A Hybrid of Quantum Computing and Machine Learning Is Spawning New Ventures
Machine learning, the field of AI that allows Alexa and Siri to parse what you say and self-driving cars to safely drive down a city street, could benefit from quantum computer-derived speedups, say researchers. And if a technology incubator program in Toronto, Canada has its way, there may even be quantum machine learning startup companies launching in a few years too.
Research in this hybrid field today concentrates on either using nascent quantum computers to speed up machine learning algorithms or, using conventional machine learning systems, to increase the power, durability, or effectiveness of quantum computer systems. An ultimate goal in the field is to do both — use smaller quantum-computer-based machine learning systems to better improve, understand, or interpret large datasets of quantum information or the results of large-scale quantum computer calculations. This last goal will of course have to wait till large-scale quantum information storage and full-fledged quantum computers come online. Google has said they want to make a 49-qubit quantum computer by year’s end, so a machine that’s the hundreds or thousands of qubits that might benefit from such secondary quantum technologies may still take years.
However, says Peter Wittek, research fellow at the Institute of Photonic Sciences in Castelldefels, Spain, researchers haven’t waited for super-duper quantum computers to begin experimenting and theorizing about the future of the field. Quantum machine learning, even in its earliest incarnations, still holds promise.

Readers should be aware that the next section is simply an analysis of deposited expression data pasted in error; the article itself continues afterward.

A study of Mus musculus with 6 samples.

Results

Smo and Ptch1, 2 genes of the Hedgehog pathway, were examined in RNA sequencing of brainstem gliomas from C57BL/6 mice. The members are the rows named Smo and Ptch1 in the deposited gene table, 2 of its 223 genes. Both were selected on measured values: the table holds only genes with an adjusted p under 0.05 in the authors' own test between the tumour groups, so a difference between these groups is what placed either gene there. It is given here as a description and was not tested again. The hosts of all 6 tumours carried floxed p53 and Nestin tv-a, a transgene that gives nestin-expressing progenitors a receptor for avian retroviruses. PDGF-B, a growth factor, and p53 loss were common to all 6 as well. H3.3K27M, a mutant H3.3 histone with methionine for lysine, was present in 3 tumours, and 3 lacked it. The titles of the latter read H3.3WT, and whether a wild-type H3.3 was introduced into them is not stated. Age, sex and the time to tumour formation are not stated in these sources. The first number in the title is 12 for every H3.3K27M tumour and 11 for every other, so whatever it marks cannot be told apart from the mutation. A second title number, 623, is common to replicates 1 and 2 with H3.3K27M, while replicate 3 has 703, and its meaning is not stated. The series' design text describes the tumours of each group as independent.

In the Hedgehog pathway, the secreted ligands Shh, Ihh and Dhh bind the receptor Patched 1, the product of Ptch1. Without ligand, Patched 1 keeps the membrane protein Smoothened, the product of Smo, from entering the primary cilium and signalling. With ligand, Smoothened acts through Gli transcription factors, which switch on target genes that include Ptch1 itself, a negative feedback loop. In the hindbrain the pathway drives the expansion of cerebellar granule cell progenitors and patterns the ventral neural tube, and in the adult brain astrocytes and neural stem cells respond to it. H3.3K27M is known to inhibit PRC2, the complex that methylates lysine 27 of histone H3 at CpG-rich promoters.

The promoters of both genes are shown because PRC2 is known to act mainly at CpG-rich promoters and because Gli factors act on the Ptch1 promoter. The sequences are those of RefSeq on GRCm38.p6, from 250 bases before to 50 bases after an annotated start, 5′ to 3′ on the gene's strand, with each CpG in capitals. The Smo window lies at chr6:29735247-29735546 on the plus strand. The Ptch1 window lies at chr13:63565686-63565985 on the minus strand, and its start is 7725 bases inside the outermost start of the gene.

“To build universal quantum computers… is a big engineering challenge,” says Wittek, who’s also academic director at the Creative Destruction Lab startup incubator affiliated with the University of Toronto’s Rotman School of Management. “But it turns out for quantum machine learning you need something less.” Just like quantum cryptography and quantum random number generation have matured as technologies in the absence of big quantum computers, he says, so too might quantum machine learning find niches to expand into in the near term.
Wittek, author of the 2014 book Quantum Machine Learning: What Quantum Computing Means to Data Mining, says the field took off after a 2008 quantum algorithm called HHL (after its three creators Aram Harrow, Avinathan Hassidim, and Seth Lloyd). HHL solves vast linear algebra problems involving many degrees of freedom, potentially faster than could be solved on any traditional supercomputer. And since no small part of machine learning involves just these sorts of high-degree-of-freedom (high-dimension) algebra problems, some machine learning researchers have jumped on the HHL bandwagon. HHL-based quantum machine learning algorithms have proliferated in the technical literature over the past few years.